The James Bond franchise has long offered memorable opening pre-title sequence and the Daniel Craig-era Bond films are no different: Skyfall opens with a propulsive action sequence climaxing in 007 being shot and falling off the top of a train in Istanbul, and Spectre opens with a single-take action scene set amidst Dia de Los Muertos celebrations in Mexico.
It is the opening scene in Craig’s first go-round as Bond that stands out the most. The opening was as stripped-down as the new, back-to-basics Bond was. The short scene doesn’t feature any wild pyrotechnics, outrageous stunts, or the like.
The scene is shot in black-and-white and shows us how Bond acquired his 00 status, by killing a treacherous MI6 agent and his contact, the latter of whom puts up a nasty fight in a bleached-white bathroom. Martin Campbell, who also directed GoldenEye, isn’t as stylish a filmmaker as Sam Mendes, but the unflinching, genuinely gritty style of this opening helps it stand out among modern Bond entries.
Casino Royale is the twenty-first in the Eon Productions James Bond series, and the third screen adaptation of Ian Fleming’s 1953 novel of the same name. Directed by Martin Campbell and written by Neil Purvis, Robert Wade, and Paul Haggis, it is the first film to star Daniel Craig as the fictional MI6 agent James Bond. Produced by Eon Productions for Metro-Goldwyn-Mayer and Columbia Pictures. Following Die Another Day, Eon Productions decided to reboot the series, allowing them to show a less experienced and more vulnerable Bond.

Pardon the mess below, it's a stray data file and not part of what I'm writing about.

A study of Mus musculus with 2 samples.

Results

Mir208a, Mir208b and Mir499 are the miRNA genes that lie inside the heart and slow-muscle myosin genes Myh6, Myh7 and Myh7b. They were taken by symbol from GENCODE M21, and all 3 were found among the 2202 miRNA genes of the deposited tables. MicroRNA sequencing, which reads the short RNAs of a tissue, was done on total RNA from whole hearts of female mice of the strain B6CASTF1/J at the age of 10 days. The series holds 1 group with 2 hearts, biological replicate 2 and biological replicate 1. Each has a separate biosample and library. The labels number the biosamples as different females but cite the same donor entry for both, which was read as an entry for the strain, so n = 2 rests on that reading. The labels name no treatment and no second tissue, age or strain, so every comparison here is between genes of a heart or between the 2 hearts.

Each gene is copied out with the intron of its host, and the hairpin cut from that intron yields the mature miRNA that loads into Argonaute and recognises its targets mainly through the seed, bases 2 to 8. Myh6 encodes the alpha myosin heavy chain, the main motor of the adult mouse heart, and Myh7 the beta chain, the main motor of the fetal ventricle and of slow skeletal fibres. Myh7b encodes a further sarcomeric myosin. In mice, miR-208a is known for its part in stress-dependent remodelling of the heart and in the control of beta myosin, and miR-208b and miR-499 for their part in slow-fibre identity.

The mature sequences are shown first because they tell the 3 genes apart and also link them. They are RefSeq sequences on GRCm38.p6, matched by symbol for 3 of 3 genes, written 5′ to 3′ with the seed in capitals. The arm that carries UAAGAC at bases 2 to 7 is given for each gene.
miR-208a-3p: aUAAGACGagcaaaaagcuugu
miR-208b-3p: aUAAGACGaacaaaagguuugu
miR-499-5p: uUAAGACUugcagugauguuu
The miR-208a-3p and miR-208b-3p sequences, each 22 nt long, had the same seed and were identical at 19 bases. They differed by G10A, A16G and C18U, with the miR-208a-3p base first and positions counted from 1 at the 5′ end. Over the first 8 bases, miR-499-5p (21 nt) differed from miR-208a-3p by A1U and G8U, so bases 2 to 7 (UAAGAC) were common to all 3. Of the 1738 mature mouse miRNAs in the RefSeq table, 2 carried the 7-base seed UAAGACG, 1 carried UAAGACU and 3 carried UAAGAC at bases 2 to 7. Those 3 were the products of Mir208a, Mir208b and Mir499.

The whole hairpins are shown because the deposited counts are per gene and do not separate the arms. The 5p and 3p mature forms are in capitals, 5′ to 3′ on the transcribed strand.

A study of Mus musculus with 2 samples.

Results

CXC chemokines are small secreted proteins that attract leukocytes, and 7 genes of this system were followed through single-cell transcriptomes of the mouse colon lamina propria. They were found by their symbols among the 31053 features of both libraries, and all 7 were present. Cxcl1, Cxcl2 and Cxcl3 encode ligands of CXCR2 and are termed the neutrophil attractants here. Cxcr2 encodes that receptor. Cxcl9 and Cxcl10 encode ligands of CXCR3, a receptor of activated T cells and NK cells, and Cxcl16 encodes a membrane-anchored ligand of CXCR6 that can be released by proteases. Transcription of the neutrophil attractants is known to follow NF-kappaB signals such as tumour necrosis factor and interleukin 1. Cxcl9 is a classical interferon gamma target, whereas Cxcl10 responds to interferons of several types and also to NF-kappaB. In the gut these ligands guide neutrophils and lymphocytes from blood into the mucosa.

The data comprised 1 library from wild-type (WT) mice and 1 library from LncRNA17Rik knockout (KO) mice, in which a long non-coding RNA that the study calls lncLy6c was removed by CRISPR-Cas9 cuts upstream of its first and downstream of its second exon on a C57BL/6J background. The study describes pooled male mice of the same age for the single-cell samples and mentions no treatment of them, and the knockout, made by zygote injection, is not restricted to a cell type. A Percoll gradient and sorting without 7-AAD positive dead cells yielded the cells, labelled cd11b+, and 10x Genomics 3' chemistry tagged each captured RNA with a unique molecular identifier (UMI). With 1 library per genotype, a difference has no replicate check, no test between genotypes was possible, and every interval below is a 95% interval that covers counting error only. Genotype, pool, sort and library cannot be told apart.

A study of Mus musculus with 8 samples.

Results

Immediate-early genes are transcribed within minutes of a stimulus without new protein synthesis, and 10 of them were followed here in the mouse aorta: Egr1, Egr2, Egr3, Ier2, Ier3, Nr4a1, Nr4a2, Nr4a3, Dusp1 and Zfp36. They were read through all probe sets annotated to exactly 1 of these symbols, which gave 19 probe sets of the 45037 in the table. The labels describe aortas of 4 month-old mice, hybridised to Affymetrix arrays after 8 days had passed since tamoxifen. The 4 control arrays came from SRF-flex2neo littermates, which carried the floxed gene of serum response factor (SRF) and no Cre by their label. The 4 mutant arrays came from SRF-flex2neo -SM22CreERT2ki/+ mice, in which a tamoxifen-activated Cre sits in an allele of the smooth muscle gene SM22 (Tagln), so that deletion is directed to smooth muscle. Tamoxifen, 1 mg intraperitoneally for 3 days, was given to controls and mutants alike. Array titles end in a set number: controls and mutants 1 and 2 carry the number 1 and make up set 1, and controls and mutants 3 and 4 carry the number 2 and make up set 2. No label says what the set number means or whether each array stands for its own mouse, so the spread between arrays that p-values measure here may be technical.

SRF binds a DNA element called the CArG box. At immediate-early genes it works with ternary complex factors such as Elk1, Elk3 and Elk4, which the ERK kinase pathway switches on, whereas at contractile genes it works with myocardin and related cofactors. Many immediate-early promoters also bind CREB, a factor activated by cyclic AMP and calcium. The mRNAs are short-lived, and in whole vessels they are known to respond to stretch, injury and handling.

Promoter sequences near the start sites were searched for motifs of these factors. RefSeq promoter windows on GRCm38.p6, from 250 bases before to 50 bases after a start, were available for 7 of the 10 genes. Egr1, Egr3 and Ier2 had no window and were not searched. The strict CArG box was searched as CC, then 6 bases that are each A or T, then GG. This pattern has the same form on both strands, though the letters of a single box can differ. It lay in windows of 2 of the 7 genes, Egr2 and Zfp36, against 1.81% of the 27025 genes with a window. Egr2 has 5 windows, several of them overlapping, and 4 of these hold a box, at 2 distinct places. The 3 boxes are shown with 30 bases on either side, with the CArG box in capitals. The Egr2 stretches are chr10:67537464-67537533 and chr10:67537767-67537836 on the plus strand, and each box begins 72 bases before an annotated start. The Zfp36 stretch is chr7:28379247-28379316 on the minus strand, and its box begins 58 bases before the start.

Casino Royale takes place at the beginning of Bond’s career as Agent 007, as he is earning his license to kill. The plot has Bond on an assignment to bankrupt terrorist financier Le Chiffre in a high-stakes poker game at the Casino Royale in Montenegro; Bond falls in love with Vesper Lynd, a treasury employee assigned to provide the money he needs for the game. The film begins a story arc that continues in the 2008 film, Quantum of Solace.